International Newyork Times
New Delhi

A member of the Indian parliament has been arrested on the charges of conspiring to kill a Right to Information activist in the western state of Gujarat. The arrest on Wednesday took place more than three years after the murder.

Amit Jethwa, 38, an environment activist had used India’s landmark law, the Right to Information Act, to fight against illegal limestone operations carried out with the support from local politicians. The law allows citizens to demand information from the government,

On the evening of his murder in July 2010, Mr. Jethwa had finished a meeting with his lawyer near the Gujarat High Court complex in Ahmedabad, the capital of Gujarat. Hired killers on a motorbike fired at him. Mr. Jethwa, who received multiple chest wounds, died on the spot.

The Gujarat police initially investigated the case and charged six persons with murder,  including the nephew of Dinubhai Solanki, a first-term member of Parliament. Mr. Solanki belongs to Bharatiya Janata Party, which is the ruling party in Gujarat state. He was elected to represent the Junagarh constituency. Before that he served three terms as member of state legislature.

The family of Mr. Jethwa alleged that Mr. Solanki was directly involved in the murder and that the Gujarat police were shielding him. The slain activist had alleged that Mr. Solanki had a direct interest in illegal mining of limestone in the Gir National Park area. He made several written complaints against Mr. Solanki, accusing him of threatening his life.

On the petition of Bhikubhai Jethwa, the father of the slain activist, the Gujarat high court handed over the further investigation to India’s federal investigation agency, the Central Bureau of Investigation, in September 2012. The C.B.I. collected the evidence, interrogated Mr. Solanki and arrested him Tuesday evening in New Delhi. On Wednesday he was presented in a court, which ordered the police to take him to Gujarat for further investigation.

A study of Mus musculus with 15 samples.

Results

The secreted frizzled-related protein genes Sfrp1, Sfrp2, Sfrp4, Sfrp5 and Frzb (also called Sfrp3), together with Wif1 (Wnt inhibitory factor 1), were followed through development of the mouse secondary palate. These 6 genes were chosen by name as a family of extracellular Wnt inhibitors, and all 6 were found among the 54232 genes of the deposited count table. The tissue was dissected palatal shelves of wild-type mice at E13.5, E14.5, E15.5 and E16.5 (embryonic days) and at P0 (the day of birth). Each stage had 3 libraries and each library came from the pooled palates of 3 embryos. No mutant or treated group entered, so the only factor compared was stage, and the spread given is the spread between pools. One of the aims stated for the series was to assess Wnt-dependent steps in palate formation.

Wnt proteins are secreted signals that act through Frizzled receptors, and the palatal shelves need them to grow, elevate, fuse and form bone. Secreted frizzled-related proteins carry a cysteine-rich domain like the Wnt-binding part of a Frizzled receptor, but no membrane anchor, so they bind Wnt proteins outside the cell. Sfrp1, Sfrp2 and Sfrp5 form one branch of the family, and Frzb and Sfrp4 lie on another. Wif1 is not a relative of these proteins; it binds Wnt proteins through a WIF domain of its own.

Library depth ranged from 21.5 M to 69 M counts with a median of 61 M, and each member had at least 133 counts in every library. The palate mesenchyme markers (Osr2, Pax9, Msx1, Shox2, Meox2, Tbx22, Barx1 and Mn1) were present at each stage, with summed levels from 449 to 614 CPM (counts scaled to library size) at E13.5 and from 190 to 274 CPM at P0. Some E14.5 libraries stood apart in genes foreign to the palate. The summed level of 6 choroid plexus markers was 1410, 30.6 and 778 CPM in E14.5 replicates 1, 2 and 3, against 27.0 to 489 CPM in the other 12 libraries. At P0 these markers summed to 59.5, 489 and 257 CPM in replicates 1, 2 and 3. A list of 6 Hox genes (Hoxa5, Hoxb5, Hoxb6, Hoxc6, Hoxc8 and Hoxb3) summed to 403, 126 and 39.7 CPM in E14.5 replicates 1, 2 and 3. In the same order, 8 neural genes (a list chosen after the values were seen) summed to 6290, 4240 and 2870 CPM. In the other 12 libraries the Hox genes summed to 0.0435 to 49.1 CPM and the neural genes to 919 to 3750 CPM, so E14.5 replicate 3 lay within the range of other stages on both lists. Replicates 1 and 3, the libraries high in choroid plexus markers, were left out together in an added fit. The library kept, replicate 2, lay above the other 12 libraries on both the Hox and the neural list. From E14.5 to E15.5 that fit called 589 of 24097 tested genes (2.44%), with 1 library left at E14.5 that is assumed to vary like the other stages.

Mr. Solanki, in an earlier brief interview in 2011, refused to talk about his case and his alleged involvement. He continued his silence as the case proceeded in a court.

Before his murder, Mr. Jethwa had been assaulted once and survived with serious head injuries. He had accused Mr. Solanki and his associates for that assault.

“On 28.06.2010, Shri Amit Jethwa filed PIL (Public Interest litigation) in the Gujarat High Court against illegal mining in the protected Gir forest area in which the accused (Mr. Solanki) and his nephew were impleaded as respondents on 06.07.2010. The RTI (Right To Information) activist was shot dead 14 days later on 20.07.2010,” said a statement from the C.B.I.

“My struggle for justice for last three years is half succeeded now. It will fully succeed after Dinu Solanki’s conviction,” said the older Mr. Jethwa, the slain activist’s father. “For last three years we have not celebrated any festival in our house. After his arrest we have some sense of relief in our minds.”

The Right to Information Act was enacted in India in 2005 and since then at least a dozen activists using it have been killed, said Amitabh Thakur, an activist and a police officer.

“This is a very potent weapon against very powerful people,” Mr. Thakur said. “At times very dangerous information becomes public and people in high offices feel the danger.”

Mr. Jethwa and his subsequent killing has led to decline in illegal mining.

“The large-scale illegal mining has almost stopped in Gir National Park, but small mining still takes place,” his colleague, Balu Bhai Socha, said in a phone interview. After the arrest of Mr. Solanki, the activists said they are determined to carry on their struggle further. “Our morale is high after the arrest of Mr. Solanki. We feel that real killers will be punished.”

Elected politicians with criminal records remain a serious issue in India. The Association of Democratic Reforms, a nonprofit that researches criminal cases against elected representatives, said that 30 percent of the elected members of parliament and state legislatures have criminal cases against them and 14 percent have serious criminal cases against them.